Muslim Brotherhood designs fuel Sudan divisions
The divisions rocking the Sudanese opposition are among the reasons for the suspension of the civil disobedience campaign. The divisions, of which only the tip is showing, threaten the unity of the opposition against military rule.
If this divide widens, the military rule will become the preferred option for the international community as an alternative to chaos or civil war.
The split of the opposition revolves around two axes. The first is the Sudanese Communist Party’s total refusal to negotiate with the Transitional Military Council. It believes in escalation until the army gives up power as the best choice for the Sudanese people.
The second axis is the Muslim Brotherhood, the usual conspirators in every political scene. Sudan’s Muslim Brotherhood, just like the Brotherhood in Egypt, Syria, Yemen and elsewhere, wants to reap the fruits of the revolution without anyone noticing. It hides behind various figures or groups until the propitious time comes and it pounces on the revolution and swoops down on power.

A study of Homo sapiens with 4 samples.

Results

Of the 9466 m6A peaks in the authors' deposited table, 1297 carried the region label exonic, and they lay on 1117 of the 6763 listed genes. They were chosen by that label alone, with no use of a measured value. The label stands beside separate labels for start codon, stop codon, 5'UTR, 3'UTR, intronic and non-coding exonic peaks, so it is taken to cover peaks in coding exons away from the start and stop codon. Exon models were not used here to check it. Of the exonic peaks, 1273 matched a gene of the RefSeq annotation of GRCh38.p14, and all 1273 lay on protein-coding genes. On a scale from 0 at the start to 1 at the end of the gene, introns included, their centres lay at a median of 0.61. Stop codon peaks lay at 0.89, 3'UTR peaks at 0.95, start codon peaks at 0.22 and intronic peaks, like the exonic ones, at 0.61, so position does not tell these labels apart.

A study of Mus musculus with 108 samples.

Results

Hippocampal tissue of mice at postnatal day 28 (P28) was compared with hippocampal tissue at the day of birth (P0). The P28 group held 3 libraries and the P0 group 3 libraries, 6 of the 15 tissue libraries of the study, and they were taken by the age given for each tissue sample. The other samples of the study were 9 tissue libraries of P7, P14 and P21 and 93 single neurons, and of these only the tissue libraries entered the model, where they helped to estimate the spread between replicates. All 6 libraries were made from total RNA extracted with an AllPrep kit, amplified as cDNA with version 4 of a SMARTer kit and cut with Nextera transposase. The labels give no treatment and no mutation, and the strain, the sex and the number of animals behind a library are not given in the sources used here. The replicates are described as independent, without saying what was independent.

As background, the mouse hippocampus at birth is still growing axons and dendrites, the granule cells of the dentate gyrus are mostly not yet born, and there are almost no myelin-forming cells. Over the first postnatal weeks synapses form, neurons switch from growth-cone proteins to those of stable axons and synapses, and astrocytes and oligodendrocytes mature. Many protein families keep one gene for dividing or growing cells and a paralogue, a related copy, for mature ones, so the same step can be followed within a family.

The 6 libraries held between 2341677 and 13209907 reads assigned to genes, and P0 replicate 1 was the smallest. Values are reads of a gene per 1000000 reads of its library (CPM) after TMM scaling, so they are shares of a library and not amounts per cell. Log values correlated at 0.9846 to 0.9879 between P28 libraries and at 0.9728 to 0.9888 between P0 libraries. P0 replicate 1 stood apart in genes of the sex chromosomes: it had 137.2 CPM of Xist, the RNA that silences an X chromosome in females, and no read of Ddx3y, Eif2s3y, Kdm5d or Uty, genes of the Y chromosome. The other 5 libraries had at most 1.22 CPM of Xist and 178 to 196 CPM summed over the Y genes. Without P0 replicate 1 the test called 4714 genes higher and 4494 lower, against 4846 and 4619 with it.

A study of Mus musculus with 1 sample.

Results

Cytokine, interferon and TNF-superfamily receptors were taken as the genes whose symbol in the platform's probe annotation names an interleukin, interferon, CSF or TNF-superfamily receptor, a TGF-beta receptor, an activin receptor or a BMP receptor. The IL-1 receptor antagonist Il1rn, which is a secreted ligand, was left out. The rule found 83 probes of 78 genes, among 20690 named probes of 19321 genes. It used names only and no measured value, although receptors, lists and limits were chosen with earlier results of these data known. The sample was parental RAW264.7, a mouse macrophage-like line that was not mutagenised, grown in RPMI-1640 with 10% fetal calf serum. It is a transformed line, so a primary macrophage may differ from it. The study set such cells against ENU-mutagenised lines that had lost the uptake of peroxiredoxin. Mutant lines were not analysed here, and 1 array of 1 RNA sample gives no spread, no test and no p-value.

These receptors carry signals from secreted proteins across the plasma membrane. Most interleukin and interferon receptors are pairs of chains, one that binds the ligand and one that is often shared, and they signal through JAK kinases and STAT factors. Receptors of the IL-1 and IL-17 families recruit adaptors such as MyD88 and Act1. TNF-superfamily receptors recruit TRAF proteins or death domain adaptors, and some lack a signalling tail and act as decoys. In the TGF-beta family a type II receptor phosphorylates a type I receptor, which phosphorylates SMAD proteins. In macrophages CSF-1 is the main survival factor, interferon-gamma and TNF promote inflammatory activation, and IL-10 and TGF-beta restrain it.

The Muslim Brotherhood is expert at pushing events in a direction that serves its interests. In Sudan, the Brotherhood tried to exploit the civil disobedience campaign to push for escalation and incitement against the army. People then are killed and wounded and they force all opposition parties to confront the military under the pretence that it doesn’t want to hand over power.
Wiser people in the opposition became aware of the Brotherhood’s malicious intent so they called off the disobedience campaign. The army arrested some officers and soldiers who work for the Brotherhood. Finally, a page from the Brotherhood’s book of malice had been turned but the Brotherhood’s evil in the country has not ended.
The self-interested calculations of the Brotherhood during Sudan’s revolutions go back decades. Its members were the ones who rejected political parties when Sudan was living its golden democratic era.
They were the ones who legitimised military rule in the past when they theorised that army leaders were an integral part of the religiously legitimate decision makers.
Finally, they founded a political party and concluded an evil pact with authorities when former army strongman and ousted president Omar al-Bashir seized power.
The Muslim Brotherhood never dealt with the Sudan revolution, or any “Arab spring” revolution for that matter, out of patriotic motives. For them, the revolutions were just golden opportunities to grab power. The Brothers are mere power seekers.
The Sudanese opposition has the merit to have been able to read the country’s dynamics. Its members represent an excellent model of revolutionaries who learnt from the mistakes of others. They were realistic and patriotic in their demands and were diplomatic in their relationships with concerned external parties. The Muslim Brotherhood will never accept such an equation.